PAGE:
An Adventure in Usability: Discovering Usability Where It Was Not Expected

An Adventure in Usability: Discovering Usability Where It Was Not Expected

Holly Blasko-Drabik (University of Central Florida, USA), Tim Smoker (University of Central Florida, USA) and Carrie E. Murphy (University of Central Florida, USA)
DOI: 10.4018/978-1-61520-739-8.ch003


Usability testing can be used as an effective tool throughout the design and development of a serious game. User responses to the usability measures can help designers meet the challenges of creating a game that is educational, playable, and entertaining. However, there are a multitude of measures to choose from, some empirically created and tested and some created by developers to test a single game. This chapter will provide a broad overview of usability, two major methods of conducting usability testing and how usability can be applied to testing, and more importantly, improving games. Two possible usability measures are discussed from a game evaluation standpoint and compared highlighting on which aspects of usability heuristics they focus.

Now imagine a second, similar game with the same goal of avoiding obstacles in the roadway. However, in this game, the colors are vivid and realistic; the car is futuristic and portrayed in stunning and imaginative detail and large trees and meticulously rendered landscapes fill the screen. This game has a more intensive interface as well. Where in the first game a single key press controlled the car’s movement, this game requires two buttons to play the game: a move left button and a move right button. Which game would the average user consider more “usable?” Would they judge it on which game is more “real” or more “enjoyable?”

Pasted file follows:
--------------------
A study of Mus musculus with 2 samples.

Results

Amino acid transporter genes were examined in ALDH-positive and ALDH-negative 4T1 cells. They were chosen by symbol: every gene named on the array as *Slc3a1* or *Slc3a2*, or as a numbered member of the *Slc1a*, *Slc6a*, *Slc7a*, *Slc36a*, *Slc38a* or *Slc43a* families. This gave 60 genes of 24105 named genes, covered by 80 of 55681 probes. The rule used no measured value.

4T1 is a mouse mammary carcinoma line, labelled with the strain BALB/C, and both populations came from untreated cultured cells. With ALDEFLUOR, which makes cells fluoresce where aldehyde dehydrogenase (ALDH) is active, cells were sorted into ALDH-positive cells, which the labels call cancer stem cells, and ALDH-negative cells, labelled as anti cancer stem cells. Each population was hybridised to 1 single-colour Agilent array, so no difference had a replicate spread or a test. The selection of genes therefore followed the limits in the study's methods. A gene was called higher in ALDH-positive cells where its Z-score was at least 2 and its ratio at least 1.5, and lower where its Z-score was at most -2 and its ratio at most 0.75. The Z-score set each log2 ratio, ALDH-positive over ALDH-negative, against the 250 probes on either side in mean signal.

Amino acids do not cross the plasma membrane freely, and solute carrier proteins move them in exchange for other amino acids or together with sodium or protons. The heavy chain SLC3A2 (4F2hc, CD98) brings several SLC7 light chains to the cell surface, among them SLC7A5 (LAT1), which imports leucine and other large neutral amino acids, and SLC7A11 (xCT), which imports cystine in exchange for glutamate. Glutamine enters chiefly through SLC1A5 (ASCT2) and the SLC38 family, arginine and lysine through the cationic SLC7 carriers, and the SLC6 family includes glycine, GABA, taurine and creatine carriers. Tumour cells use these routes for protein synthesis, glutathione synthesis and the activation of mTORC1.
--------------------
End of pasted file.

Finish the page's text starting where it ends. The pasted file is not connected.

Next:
To address these questions, usability analysts turn to the user’s behavior as well as their stated preferences. Surprisingly, these are not always the same. For example, the user’s behavior in game one would largely be a measure of reaction time. The game, boiled down to its essence, tests how quickly the user can respond. In the second game, though, the user must also make a decision for which button to press to avoid the obstacle. Because of this additional decision component, the user’s performance would suffer in the second game. This reduced performance would normally be a symptom of poorer usability. However, when asked, users would rate the second game as being preferable to the first. The truth being that the visual aesthetics of the game would outweigh any perceived loss of performance (if the user even noticed a decrease in their performance level). So what are usability analysts actually testing if not simple performance or preference? If the customer, in this case the user, is not always right and better performance is only “good enough”, how can usability consider itself a scientific approach and not just marketing with trendy vocabulary?

When it comes to flashy new technology and applications, the gaming industry is usually at the fore. However, while usability has become a buzzword for much technology, gaming has remained more cautious in its adoption of explicit standards. In fact, in the gaming industry it is an oft-debated topic, usually concerning if it should be considered at all. Usability is often seen by serious researchers and developers as the stepbrother who only shows up for money, the metaphorical black-sheep of the development cycle that nobody really wants around but it looks good for the family pictures. This arises from a single problem; there is no universal standard for usability. Usability is itself a ubiquitous term but it is usually coupled with multiple standards, variations, and definitions that are often not only industry-specific, but company-specific as well. One company may use validated measures like the Systems Usability Scale (SUS) or the Questionnaire of User Interface Satisfaction (QUIS) but many companies choose to develop their own standard for usability measurement, and sometimes their own definition of just what a “usable” product entails.